Most sculptures in Africa were made out of, or in wood and other materials that survived at most for a few centuries. In history, wood was used as a primary material in African Sculpture because it was most malleable and readily accessible. Other materials used in African sculpture include clay/terracotta, metal, ivory and stone. Although the longest recorded African sculpture is figures made in terracotta, followed by the cast-metal sculptures of the Yoruba tribe in Nigeria in the 12th Century.

      The Nok culture was one of the earliest known societies of West Africa and had the earliest known sculptures which developed between 500 BC and 500 AD in modern Nigeria, which were clay/terracotta figures with elongated bodies and angular shapes. According to historians and archaeologists, the culture was referred to as the Nok culture because artefacts were first discovered near the modern Nigerian town of Nok.

      The Nok terracotta figures can be dated back to over two centuries of sculptural tradition and range in size from 10cm to nearly life-size. The Nok sculptures were usually shaped in large proportional conical heads, short tubular bodies, simplified faces with Kimbell eyes, flattened noses and wide-lipped mouths. They had holes in the head which were used to assist during the firing process by letting out steam in order to prevent cracking and damage. Most Nok artefacts were mostly terracotta sculptures of human heads, human figures and animals and were depicted seated with their hands on their knees. The human figures often had elaborate hairstyles.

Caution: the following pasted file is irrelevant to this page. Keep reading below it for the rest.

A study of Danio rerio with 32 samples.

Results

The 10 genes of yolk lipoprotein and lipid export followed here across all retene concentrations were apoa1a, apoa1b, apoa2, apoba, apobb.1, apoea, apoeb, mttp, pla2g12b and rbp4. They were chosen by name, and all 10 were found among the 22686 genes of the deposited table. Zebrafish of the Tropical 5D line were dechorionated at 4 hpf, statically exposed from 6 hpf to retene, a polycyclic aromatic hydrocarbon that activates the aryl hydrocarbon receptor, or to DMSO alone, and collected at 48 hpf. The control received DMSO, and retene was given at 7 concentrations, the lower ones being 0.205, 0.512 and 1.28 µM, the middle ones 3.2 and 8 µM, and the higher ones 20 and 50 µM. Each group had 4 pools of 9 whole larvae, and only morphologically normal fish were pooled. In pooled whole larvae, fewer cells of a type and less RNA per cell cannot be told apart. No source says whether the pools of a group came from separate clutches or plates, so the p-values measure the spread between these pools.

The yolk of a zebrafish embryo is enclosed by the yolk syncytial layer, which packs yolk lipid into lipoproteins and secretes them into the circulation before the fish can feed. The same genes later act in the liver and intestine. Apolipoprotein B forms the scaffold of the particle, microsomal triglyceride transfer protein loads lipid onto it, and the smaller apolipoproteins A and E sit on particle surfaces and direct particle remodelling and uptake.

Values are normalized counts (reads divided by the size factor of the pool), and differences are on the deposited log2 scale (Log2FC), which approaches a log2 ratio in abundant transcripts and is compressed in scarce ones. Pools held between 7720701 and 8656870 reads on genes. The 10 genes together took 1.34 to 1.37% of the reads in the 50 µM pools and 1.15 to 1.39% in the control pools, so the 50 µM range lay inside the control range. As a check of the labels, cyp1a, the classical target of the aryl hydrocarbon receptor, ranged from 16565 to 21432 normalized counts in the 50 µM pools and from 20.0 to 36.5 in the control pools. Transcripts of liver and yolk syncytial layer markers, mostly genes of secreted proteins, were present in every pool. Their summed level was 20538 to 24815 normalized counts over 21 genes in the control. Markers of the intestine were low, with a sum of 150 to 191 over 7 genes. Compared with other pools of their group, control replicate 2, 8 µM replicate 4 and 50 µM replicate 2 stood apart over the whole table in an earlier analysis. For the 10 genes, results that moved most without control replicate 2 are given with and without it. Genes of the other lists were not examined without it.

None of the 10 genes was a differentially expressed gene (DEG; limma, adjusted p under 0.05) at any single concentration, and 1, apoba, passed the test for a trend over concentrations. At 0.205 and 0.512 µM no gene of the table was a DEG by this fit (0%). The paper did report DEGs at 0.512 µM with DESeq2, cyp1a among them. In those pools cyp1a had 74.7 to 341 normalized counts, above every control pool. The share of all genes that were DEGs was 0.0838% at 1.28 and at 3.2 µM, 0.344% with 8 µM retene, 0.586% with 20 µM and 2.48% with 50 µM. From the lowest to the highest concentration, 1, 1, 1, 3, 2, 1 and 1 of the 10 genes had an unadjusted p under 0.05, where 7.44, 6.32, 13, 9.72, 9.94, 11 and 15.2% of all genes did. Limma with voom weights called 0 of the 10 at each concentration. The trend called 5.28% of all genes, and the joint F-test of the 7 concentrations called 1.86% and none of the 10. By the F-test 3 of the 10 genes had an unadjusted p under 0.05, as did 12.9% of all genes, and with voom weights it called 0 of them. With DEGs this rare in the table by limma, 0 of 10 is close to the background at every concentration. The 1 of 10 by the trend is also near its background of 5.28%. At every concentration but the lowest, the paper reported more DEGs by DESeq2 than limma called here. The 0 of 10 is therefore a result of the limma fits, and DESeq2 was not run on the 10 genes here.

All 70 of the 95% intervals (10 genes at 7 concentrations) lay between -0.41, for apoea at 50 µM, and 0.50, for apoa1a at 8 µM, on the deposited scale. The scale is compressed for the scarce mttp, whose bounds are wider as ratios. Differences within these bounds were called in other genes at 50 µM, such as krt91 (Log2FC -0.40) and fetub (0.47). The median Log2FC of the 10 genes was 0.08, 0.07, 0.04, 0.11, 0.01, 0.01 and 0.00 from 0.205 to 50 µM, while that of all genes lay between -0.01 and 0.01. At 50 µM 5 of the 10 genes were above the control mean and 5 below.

The Nok art is popularly known for the heads of both male and female because the terracotta were preserved in the form of scattered fragments, hence they were found hidden, rolled, polished and broken. The Nok sculptures are nearly life sized human heads and bodies depicted with highly styled features, abundant jewellery and varied postures which are hollow, coil-built. Among the Nok terracotta sculptures, there were sculptures depicting a large teeth-bearing combined human and animal formed figure and the torso of a seated figure wearing a belt around their waist and a necklace. Another is a human figure that has a bird beak and the head of a male figure with a seashell on it. Also, there were sculptures portraying figures wielding slingshots, bows and arrows which may have represented that the Nok people engaged in hunting and trapping of untamed animals.

      Another Nok sculpture depicts two individuals along with their gods in a dugout canoe and both figures in the dugout canoe are paddling. This Nok terracotta representation of dugout canoe may signify that the Nok people utilised dugout canoes to transport goods along flowing rivers or streams and exchanged them in a regional trade network. However, historians are yet to discover the reason why the Nok people sculpted the Nok terracottas in the manner they did and their representations.